Ancient industrial installation found under Jaffa

Workers find “impressive remains” from the Byzantine era, according to the Antiquities Authority.

2 minute read.
Ancient industrial installation found under Yafo.

Jaffa archeological find 370. (photo credit: Courtesy of Israel Antiquities Authority)

 

Prior to performing infrastructural upgrades in Jaffa, under the Mashlama Le-Yafo program and part of the Magen Avraham Compound Project, workers were able to find “impressive remains” from the Byzantine era, according to the Antiquities Authority. Beneath today’s Hai Gaon Street are industrial liquid extraction mechanisms capable of providing a glimpse of hundreds of years of history, the authority stressed.


“This is the first important building from the Byzantine period to be uncovered in this part of the city,” said Dr. Yoav Arbel, director of the Jaffa excavations for the authority.

This find is yet another archeological remnant of the widespread agricultural traditions enjoyed by Jaffa residents for thousands of years, with evidence beginning in ancient Egyptian documents and leading up to orchards of the Ottoman period, the authority noted.

However, this particular find demonstrates a wider agricultural distribution in the region than was previously identified, due to its relatively remote location from Tel Yafo, Arbel said.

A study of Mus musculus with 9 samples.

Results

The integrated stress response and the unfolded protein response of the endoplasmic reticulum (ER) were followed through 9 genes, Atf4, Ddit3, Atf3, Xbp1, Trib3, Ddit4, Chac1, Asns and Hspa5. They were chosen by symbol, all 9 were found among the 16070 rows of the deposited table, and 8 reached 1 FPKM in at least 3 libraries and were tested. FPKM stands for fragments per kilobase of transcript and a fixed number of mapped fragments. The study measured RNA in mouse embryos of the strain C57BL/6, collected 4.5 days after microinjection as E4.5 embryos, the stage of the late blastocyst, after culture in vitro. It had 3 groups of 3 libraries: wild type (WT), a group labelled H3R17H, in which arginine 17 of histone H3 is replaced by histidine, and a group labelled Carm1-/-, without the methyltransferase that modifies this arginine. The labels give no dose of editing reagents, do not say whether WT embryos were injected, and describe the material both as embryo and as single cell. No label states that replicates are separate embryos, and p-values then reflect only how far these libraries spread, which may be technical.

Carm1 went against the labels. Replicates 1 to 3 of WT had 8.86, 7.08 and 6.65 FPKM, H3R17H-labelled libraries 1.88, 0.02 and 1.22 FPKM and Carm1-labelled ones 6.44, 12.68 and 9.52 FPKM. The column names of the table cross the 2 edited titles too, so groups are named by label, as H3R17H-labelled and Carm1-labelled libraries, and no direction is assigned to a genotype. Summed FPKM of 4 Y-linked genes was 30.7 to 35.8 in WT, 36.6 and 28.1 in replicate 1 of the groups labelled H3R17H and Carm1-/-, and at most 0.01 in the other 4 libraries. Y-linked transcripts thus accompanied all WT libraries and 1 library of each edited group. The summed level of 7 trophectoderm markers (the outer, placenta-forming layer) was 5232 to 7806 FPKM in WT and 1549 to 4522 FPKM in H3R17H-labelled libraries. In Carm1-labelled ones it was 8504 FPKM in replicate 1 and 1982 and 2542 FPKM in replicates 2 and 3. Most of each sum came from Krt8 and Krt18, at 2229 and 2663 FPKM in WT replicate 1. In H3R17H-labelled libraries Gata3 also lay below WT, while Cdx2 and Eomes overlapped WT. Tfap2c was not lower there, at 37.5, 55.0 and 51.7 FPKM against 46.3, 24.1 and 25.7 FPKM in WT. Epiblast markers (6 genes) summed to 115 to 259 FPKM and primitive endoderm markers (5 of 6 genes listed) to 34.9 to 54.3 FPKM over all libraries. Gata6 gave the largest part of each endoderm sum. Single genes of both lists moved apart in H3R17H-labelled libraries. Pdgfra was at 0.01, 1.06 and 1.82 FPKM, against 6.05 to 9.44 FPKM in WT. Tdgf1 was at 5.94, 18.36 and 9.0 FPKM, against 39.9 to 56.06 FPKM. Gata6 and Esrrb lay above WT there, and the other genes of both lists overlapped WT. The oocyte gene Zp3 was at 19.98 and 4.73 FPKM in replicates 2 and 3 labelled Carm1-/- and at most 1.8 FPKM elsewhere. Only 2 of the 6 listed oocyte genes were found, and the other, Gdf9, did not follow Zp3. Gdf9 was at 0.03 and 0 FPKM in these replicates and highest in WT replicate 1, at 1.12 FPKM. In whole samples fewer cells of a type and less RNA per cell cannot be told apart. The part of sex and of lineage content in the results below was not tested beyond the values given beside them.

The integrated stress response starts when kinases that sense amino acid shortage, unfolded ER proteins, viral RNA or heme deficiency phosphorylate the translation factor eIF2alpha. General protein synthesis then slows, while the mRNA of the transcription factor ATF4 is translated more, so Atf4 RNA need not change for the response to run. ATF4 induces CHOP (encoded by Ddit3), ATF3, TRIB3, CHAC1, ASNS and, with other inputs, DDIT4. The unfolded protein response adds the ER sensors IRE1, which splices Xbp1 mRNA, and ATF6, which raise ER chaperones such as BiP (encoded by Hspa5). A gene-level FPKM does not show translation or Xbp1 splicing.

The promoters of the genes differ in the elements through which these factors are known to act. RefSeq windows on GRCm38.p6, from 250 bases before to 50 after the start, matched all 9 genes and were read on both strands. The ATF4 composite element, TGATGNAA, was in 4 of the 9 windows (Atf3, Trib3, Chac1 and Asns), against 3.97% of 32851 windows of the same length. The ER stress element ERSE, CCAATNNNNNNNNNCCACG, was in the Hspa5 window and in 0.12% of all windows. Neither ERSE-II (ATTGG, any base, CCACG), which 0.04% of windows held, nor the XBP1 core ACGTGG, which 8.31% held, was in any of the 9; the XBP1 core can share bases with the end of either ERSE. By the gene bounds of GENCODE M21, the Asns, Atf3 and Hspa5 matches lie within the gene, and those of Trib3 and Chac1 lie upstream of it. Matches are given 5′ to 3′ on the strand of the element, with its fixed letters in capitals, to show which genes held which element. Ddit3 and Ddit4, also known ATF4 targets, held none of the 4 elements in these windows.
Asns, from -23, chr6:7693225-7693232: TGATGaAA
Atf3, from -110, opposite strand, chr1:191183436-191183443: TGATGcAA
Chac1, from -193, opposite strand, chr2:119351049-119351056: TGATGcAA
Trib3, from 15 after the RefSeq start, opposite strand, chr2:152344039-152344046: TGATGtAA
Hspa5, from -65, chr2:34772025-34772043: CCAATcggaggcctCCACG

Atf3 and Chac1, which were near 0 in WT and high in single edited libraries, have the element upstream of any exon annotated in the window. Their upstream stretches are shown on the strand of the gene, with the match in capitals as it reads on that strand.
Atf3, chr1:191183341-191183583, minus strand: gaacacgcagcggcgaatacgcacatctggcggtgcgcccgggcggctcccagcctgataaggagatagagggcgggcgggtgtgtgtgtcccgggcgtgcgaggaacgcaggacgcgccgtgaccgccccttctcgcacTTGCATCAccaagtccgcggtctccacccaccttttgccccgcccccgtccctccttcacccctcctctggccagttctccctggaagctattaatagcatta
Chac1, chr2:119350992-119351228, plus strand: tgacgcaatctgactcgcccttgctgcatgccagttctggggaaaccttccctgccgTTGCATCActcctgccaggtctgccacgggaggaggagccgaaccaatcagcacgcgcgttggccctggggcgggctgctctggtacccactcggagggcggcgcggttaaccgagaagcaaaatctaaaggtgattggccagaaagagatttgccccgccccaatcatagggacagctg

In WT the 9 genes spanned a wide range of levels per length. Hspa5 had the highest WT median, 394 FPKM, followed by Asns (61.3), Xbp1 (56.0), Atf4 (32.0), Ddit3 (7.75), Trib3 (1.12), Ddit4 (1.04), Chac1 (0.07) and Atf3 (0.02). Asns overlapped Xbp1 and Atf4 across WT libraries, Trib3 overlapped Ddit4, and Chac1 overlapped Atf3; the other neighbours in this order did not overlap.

Each of the units excavated was connected to a plastered collecting vat, which collected the pressed liquids, he said.



“It is possible that the section that was discovered represents a relatively small part of the overall installation, and other elements of it are likely to be revealed in archaeological excavations along adjacent streets which are expected to take place later this year,” Arbel said.

After the excavations of the installation were complete, municipal workers laid new infrastructure on top of the site without damaging it, enabling both continued infrastructural work as well as preservation, the Antiquities Authority and municipality said.

All in all, the Magen Avraham Compound modernization project will extend through No’am, Magen Avraham, Hai Gaon, Yossi Ben- Yossi, Ardon, Ba’alei Ha- Tosafot and Resh Galuta streets. In addition to revamping underground infrastructure as well as roads and sidewalks, the municipality will also be lowering electrical and telephone wires and adding new street furniture and landscaping, the city said.